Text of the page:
In the last Mommy Monday post, inspired by a question from a Maven reader, I described some of the ways we did—and did not—engage our kids in early music experiences.
What about after the early years are over?
My husband and I made a decision early on that our kids would take piano lessons. They have to learn English, math, and science; therefore, they must learn music as well. It’s a mandatory, core subject.
Here are some of the “rules” we consciously made when it comes to piano lessons…We started our son early, just shy of his 5th birthday. We chose to pay for someone else to teach him. Even though I could have gotten him started for the first several years, I, one, wanted to avoid the power struggle and, two, knew that I would still be highly involved in his practicing, so he would still get plenty of attention from me.
He practices almost every day, most of the time with one of us sitting at the piano playing with him and all the time with one of us monitoring and guiding his practice. Playing the piano is part of our morning routine—15 minutes between breakfast and leaving the catch the bus. It’s not uncommon at this point for his to get 2 sessions in a day, once in the morning with mommy, then again in the evening with daddy.
Although the piano lessons are mandatory, I do keep on eye on his level on enjoyment. From a teaching and skills development standpoint, I know that learning must be fun in these early years. It’s this initial enjoyment and love of music that will keep him engaged and committed when the learning process gets more difficult.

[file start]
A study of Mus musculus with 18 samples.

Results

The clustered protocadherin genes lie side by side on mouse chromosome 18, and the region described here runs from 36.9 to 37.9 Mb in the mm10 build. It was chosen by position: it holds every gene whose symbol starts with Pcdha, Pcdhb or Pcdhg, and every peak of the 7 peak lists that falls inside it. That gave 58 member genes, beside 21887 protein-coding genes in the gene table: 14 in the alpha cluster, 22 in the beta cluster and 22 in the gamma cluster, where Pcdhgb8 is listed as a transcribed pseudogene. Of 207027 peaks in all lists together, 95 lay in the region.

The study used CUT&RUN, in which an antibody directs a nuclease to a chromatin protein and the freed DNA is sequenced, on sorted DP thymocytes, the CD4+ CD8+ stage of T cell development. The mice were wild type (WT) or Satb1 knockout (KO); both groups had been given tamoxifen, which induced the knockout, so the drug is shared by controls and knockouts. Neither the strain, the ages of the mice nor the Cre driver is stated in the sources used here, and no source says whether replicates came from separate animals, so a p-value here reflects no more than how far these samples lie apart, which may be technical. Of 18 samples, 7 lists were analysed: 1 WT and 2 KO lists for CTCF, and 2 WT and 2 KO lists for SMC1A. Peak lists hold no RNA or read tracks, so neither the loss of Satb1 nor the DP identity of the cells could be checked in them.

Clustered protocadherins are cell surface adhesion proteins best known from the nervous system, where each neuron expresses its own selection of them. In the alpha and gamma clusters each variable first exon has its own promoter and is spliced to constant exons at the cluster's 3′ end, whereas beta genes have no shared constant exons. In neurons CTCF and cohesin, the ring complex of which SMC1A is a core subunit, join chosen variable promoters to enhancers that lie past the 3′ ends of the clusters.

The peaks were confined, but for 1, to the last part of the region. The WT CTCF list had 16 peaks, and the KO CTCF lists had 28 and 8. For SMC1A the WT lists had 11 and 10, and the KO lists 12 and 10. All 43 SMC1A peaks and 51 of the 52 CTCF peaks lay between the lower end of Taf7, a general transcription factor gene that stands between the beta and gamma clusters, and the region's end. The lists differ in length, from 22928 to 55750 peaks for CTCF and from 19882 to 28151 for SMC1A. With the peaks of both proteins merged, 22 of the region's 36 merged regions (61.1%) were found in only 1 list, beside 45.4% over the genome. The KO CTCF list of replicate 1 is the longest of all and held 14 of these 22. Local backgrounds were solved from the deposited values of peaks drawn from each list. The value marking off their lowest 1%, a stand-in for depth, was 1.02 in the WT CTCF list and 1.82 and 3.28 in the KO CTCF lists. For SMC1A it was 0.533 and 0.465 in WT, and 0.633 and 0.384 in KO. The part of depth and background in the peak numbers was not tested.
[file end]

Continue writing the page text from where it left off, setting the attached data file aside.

So far it’s working. He loooooves the piano. The other day, he and his sister sat at the piano for 45 minutes, playing and improvising together. He just played in his first piano festival over the weekend (and got a “I” rating!). And he loves to perform. Want proof? Check out the video below from his piano recital in spring 2012 and note his smile at the end as he gets back to his seat…
Finally, to be fair, it’s not always as rosy as it sounds. I get frustrated with him (I try so hard not to be…a work in progress, I think). There are days we don’t get on the piano (including, I’ll admit, most of the summer). And it’s a struggle at times to find that balance between wanting him to “play it perfectly” and realizing that he’s only 5.
All that said, it was never a question that our kids will learn music. They don’t have to do it professionally, but I will provide my children that training, the opportunity to learn discipline and to feel proud of their accomplishments.